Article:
Thousand Cranes by Yasunari Kawabata

Thousand Cranes by Yasunari Kawabata

(Book 124) Marcia was bold enough to host us in person, our first time together since our February meeting, which coincidentally was also at her home. She sent out this email: You are invited to a tea ceremony this coming Thursday evening at 6:30. The cicadas promise to serenade. I don’t know if it is convenient for you to visit in person or if we will again need to practice our stirring and balancing of the cup via alternative methods. I can accommodate either or both depending on your preferences.  I believe I have sufficient everyday shino cups for all. The tea cottage and gardens have been well tended and aired out so are free of moldiness.” Due to minor illnesses and family issues, it was a small turn-out. Marcia hosted Melissa, Sharon and Susan in person and Linda via Zoom. Here is a photo of Marcia’s dog, Shadow greeting guests to the back yard.

I was one of those not in attendance, so I can’t look to my own notes. Linda told us that the mixed setting worked great; that she was able to hear everyone and see most of the girls. She reported that those in attendance appreciated the book and enjoyed an interesting discussion. She also noted that it caused some to realize a gap in their knowledge of Japanese culture and history. Sharon reported that God always works with Marcia to give her perfect weather and Susan added that it was lovely to be under the maple tree candelabra in Marcia’s back yard. Those in attendance were happy for a small piece of normal back in their lives.

Marcia reported that the girls talked about Mrs. Ota and what her reason might have been for seducing Kikuji. Most thought that she was probably using him as a surrogate for his father whom she had loved. When they were making love, was she imagining the father? What of Kikuji for going along? Curiosity? Flattered that she would find him desirable? Basic male response to the offer? It was clearly complicated since he was aware that she had been one of his father’s “women”. They talked about the Japanese cultural roles at the time for men and women, that it was an accepted thing that men would/could take mistresses and that the wife would accept the arrangement even if she wasn’t happy about it. All agreed that Chikako was a lying, manipulative, vile and bitter person. She wielded her knowledge of people and their weaknesses to suit her plans. Revenge? A woman scorned? Did Kikuji ever have sex with Fumiko? Most thought no. She was so timid and closed down, that it’s hard to imagine it of her. Of Fumiko’s exit from the book – no firm conclusion was reached that she had committed suicide like her mother, but it was considered a possibility. Sharon noted that she enjoyed the book enough to pick up Snow Country, another book by Kawabata.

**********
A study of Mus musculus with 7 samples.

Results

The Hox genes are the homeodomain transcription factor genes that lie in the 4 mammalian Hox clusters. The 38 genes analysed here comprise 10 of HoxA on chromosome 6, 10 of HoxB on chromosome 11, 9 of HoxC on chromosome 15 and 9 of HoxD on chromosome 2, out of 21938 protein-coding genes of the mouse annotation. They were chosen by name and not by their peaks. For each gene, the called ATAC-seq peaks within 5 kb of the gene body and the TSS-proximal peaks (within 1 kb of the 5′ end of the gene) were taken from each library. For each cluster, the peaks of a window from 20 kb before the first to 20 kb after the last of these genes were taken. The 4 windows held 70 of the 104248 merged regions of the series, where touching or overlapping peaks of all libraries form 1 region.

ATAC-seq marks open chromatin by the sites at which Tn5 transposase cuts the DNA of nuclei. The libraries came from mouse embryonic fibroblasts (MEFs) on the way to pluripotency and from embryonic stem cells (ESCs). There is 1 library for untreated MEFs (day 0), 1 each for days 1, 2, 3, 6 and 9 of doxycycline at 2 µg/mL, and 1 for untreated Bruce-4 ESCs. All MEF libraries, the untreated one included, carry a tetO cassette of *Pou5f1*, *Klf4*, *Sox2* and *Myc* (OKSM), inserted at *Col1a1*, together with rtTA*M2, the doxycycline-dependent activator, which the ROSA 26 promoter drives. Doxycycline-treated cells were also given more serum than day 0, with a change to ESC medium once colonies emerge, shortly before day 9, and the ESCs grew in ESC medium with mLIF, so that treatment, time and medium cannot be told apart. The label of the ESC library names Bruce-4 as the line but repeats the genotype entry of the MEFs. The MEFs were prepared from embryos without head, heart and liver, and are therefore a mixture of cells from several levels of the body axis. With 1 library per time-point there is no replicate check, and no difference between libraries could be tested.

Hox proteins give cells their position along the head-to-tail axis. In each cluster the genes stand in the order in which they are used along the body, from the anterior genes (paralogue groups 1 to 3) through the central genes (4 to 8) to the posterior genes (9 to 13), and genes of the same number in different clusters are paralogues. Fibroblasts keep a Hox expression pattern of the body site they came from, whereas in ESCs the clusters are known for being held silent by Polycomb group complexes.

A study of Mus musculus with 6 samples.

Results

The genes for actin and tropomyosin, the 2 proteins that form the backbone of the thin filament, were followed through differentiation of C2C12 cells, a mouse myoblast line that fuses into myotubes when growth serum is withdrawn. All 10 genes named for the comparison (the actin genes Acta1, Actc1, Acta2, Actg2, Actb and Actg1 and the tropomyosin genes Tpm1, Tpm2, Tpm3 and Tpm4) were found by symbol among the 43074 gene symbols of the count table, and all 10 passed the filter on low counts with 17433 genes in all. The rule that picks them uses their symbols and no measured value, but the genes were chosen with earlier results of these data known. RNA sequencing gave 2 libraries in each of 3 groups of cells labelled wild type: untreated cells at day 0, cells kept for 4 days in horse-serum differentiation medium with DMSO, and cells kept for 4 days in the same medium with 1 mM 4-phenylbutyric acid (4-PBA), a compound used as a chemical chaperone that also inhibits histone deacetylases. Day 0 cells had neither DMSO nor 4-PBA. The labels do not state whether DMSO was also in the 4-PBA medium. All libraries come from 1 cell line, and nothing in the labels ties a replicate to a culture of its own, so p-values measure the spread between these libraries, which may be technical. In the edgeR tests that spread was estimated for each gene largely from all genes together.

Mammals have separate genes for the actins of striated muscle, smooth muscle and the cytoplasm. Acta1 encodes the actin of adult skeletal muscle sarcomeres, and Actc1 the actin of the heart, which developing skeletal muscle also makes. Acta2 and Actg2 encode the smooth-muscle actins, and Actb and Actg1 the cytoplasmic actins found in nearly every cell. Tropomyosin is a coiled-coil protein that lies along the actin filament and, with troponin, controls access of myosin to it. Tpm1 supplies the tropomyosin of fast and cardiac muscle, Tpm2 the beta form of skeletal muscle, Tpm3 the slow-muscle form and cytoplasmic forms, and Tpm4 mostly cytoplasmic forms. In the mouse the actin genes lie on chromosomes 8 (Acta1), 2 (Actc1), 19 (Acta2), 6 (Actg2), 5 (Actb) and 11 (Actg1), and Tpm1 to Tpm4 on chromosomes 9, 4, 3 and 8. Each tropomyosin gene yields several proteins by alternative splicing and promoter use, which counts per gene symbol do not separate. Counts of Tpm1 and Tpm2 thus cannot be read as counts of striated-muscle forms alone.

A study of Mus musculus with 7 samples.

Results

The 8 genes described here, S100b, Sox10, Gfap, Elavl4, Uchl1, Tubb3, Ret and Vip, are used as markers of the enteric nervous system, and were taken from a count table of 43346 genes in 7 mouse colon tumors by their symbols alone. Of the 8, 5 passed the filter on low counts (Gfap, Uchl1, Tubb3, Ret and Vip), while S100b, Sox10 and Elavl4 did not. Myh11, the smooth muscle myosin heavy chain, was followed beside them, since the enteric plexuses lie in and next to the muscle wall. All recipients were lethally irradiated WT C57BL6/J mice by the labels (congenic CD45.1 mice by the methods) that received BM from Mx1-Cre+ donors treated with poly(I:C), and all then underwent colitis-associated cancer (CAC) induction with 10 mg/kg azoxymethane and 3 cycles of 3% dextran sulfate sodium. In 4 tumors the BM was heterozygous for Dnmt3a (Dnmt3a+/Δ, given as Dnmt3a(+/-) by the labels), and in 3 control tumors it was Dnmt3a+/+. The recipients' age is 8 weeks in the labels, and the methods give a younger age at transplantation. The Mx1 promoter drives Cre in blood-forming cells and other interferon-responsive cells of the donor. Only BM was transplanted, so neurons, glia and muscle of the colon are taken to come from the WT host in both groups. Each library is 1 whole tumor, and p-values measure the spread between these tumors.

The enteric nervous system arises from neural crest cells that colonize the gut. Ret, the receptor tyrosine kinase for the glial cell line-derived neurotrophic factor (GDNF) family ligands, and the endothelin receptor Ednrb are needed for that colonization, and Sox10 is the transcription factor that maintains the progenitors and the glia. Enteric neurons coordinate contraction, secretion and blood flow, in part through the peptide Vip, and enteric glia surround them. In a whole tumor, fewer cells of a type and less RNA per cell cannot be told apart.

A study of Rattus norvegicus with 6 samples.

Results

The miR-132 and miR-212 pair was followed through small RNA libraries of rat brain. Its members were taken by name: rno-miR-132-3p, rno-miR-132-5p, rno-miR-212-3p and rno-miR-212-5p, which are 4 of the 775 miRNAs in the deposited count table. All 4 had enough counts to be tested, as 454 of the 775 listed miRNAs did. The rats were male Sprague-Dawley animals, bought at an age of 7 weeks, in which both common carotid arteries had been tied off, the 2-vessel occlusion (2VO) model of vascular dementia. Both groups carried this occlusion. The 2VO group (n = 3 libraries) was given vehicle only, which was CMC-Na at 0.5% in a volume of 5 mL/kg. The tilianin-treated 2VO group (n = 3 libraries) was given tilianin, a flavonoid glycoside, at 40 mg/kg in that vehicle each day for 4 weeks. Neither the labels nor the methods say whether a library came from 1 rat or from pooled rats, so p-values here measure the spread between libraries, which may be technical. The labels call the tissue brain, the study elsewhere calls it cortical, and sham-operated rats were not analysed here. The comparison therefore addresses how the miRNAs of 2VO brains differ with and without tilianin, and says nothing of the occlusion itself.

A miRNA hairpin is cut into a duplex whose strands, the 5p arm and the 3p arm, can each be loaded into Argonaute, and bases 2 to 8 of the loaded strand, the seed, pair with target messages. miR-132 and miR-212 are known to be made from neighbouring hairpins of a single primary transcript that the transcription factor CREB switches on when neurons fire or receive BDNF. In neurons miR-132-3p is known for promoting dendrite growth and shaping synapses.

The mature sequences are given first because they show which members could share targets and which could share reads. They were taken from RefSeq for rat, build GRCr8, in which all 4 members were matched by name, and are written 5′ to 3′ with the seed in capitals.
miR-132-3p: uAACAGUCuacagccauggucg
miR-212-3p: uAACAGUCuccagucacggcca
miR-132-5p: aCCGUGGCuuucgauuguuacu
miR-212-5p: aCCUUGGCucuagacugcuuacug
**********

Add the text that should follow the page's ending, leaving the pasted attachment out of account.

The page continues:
I’m also going to add my review from Goodreads: At the beginning of the edition that I read, there is A Note on the Tea Ceremony, the Backdrop for This Novel, and the last line of the novel’s description on Goodreads summarizes: “Death, jealousy, and attraction convene around the delicate art of the tea ceremony, where every gesture is imbued with profound meaning.” This suggested that there would be attention paid to the “every gesture” of the tea ceremony, which is simply not the case. Don’t read the book if you are a fan of the tea ceremony. The author goes so far as to provide footnotes about the implements used in a tea ceremony, yet the only formal ceremony is glossed over with more reaction to those in attendance than to the ceremony. My reaction to the book may have been different without preparation for ceremonial “gestures imbued with meaning.”
On the other hand, the “sensual nostalgia that binds the living to the dead” also mentioned in the summary, was clearly evidenced. Perhaps the best moment for me was the exchange between Kikuji and Fumiko about responsibility and regrets after a loved one has died: “Regrets and second thoughts only make the burden heavier for the one who has died.”

Though I didn’t attend, Melissa was able to deliver Marcia’s hostess gift, a small scarf with multicolored cranes in the design, along with my brother’s artwork shown below. Remember he’s not the kind of guy to do things on a special order basis, so I had to pick one that said 1000 Cranes to me.

Next month, Linda is scheduled to host Bluebird, Bluebird, but we may reassign it to someone with an outdoor space. We’ll work this out and get back to you!